V i v i a n  S o n g
Freelance writer
Freelance writer

The art of the interview


Photo: Vivian Song

Dianna Jiang's first full-time job in Canada was to help newcomers find employment in a community Job Club program. That led to her first full-time job as an employment counsellor at an agency where she's now a marketing and communications coordinator — her original field back in Shanghai. Her success earned her an award.

Published in The Toronto Star, online edition, February, 2010.

During her first Canadian job interview, Dianna Jiang stumbled on the employer’s opening question.

It was the standard, Tell-me-about-yourself” invitation that most job interviews start with which threw her off.

Jiang, 33, chuckles as she recalls how she began to recount mechanically her vital statistics and her life biography: “My name is Dianna Jiang and I come from Shanghai...”

It would take years of employment workshops for her to understand the nuances of how the Canadian job market works — that when interviewers ask candidates to talk about themselves, it’s their opportunity to sell themselves and boast of their work-related achievements.

It would take time for Jiang to reconcile her traditional Chinese beliefs, which place value in modesty and humility, with the North American work ethos.

“In Canadian society, you really need to tell employers what your strengths are,” Jiang said in her Scarborough home. “But in Chinese culture, people tend to be modest.”

It’s subtle obstacles such as these that can become seemingly insurmountable barriers for skilled newcomers looking for work. That’s why Jiang, an assertive self-starter who worked tirelessly for her success, decided to pass on her knowledge to fellow immigrants.

By the time she enrolled at Job Club, a Community Matters Toronto program in St. James Town, Jiang had sent out several resumés and received no replies. Community Matters is a registered charirty and operates the neighbourhood program for newcomers. The motto is “neighbours helping neighbours.”

Jiang arrived in Toronto in 2001 at the age of 24, confident she would be able to find work in her field, marketing. After all, her English was strong, she had an international business degree under her belt, and she already had five years experience as a regional marketing manager at a multi-national commercial carpeting company in Shanghai.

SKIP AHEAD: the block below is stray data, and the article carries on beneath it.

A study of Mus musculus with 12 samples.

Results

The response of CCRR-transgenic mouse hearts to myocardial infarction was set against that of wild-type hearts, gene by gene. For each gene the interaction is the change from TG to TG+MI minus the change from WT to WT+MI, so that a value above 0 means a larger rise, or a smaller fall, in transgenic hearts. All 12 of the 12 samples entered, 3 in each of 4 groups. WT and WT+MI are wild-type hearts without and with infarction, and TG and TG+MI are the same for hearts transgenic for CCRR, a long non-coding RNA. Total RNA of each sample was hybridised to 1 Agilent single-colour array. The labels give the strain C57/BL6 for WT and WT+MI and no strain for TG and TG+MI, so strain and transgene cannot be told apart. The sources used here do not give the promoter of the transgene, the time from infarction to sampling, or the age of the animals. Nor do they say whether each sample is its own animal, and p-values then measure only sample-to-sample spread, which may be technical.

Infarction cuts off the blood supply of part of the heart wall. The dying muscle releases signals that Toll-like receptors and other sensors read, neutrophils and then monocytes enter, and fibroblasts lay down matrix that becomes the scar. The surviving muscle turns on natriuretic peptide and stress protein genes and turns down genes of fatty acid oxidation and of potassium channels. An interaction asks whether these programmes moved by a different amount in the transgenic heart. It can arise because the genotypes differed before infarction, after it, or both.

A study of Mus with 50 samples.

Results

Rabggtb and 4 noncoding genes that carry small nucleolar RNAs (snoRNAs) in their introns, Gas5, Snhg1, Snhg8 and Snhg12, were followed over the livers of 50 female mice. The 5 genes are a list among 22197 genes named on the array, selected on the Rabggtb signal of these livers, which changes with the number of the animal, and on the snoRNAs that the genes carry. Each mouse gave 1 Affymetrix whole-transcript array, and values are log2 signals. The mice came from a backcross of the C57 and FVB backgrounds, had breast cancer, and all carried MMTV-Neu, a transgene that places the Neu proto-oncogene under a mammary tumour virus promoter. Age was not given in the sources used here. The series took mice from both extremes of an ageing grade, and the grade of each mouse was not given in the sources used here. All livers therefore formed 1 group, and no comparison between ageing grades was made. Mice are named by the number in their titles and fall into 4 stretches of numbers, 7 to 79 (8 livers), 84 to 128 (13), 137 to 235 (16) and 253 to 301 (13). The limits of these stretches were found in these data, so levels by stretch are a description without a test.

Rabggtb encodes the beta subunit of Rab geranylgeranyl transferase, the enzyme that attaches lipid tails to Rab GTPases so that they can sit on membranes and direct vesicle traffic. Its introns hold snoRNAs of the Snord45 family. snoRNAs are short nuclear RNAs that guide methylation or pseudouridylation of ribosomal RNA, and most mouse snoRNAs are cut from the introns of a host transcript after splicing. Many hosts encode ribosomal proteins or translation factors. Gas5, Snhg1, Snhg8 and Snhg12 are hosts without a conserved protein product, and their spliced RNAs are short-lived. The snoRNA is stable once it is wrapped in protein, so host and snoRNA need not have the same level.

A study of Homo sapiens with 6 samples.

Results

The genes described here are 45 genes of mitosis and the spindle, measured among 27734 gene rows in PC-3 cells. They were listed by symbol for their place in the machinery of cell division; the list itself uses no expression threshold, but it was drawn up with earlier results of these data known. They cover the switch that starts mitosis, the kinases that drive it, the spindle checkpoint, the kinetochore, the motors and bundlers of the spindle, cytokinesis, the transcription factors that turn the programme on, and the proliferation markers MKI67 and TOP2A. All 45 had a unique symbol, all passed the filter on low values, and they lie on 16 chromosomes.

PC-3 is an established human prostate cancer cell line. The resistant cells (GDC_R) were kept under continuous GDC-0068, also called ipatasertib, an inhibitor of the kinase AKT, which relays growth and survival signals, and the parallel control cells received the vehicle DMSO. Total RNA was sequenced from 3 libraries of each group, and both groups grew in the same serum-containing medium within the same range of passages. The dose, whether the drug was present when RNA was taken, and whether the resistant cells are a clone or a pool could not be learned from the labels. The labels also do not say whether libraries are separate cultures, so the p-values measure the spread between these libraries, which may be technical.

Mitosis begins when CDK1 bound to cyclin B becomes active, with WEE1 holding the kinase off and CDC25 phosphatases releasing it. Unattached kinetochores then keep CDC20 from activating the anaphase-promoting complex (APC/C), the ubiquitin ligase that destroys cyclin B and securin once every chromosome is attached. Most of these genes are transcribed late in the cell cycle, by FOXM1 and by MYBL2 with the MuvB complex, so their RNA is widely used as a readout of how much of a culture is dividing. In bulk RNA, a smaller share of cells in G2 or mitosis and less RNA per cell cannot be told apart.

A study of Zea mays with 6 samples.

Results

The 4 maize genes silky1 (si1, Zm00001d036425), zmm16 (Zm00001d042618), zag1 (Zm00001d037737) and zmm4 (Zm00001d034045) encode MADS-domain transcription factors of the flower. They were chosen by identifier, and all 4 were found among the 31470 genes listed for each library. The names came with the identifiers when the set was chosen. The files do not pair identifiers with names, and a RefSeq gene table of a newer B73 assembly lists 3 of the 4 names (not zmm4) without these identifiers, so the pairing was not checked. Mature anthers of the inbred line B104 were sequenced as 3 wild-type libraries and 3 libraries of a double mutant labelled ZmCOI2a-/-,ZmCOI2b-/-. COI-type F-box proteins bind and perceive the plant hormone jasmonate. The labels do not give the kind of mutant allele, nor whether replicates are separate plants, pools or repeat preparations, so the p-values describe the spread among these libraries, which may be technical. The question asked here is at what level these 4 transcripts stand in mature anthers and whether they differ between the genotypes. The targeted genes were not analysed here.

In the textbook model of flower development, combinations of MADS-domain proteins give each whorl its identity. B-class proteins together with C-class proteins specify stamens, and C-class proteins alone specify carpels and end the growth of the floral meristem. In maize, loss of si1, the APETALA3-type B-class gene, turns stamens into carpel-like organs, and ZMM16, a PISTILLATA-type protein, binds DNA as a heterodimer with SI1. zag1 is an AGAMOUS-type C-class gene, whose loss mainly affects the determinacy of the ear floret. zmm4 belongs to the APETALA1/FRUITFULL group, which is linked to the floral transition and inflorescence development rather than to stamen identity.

But in her one-on-one job counseling sessions, Jiang learned that her resumé was weak and ineffective. She learned how to conduct herself through mock interviews and how to make small talk appropriately, all in the Canadian way.

To meet new people and acclimatize to her new home, Jiang also became an active volunteer in the community, seizing every opportunity to integrate into Canadian culture. She enrolled in business courses at Ryerson University and the University of Toronto, and took life-skills courses. Impressed by her enthusiasm and progress, the directors at Community Matters handed her the reins and gave Jiang her first full-time, Canadian job: To head the Job Club.

“Dianna really understood the issues of adapting to a new country and was prepared to take risks herself,” said Chris Hallett, Community Matters chair. “She knew how to take advantage of opportunities and really grasped the idea of what you need to learn to become successful.”

For other newcomers, the gap between North America’s work culture and their own can be so wide it can take some time for them to accept, Hallett said.

For example, a stock interview question that regularly stumps newcomers is one that asks candidates to identify a work-related mistake they made and to explain how they resolved it.

“Newcomers from China come from a country where people don’t make mistakes,” Hallett said. “For some, it takes a long time to understand that here it’s okay to admit you’ve made a mistake, and that the important thing is what you did to overcome it.”

In India, employees also work in team environments, where “differentiating yourself” is frowned upon, he added.

“Here, you have to show employers why you’re different and why you’re better.”

It’s a lesson Jiang applied in her next job interview at a private employment agency. After a year of heading up the Job Club and helping dozens of newcomers find work, she moved on to become an employment counsellor. Within the same year, she was promoted to become the agency’s marketing and communications coordinator — bringing her full circle back into her original industry.

A major milestone for Jiang is her newfound ability to make eye contact with senior and junior employees and to be jovial in a position of authority — alien concepts for her back home.

“I learned to smile in Canada,” she said.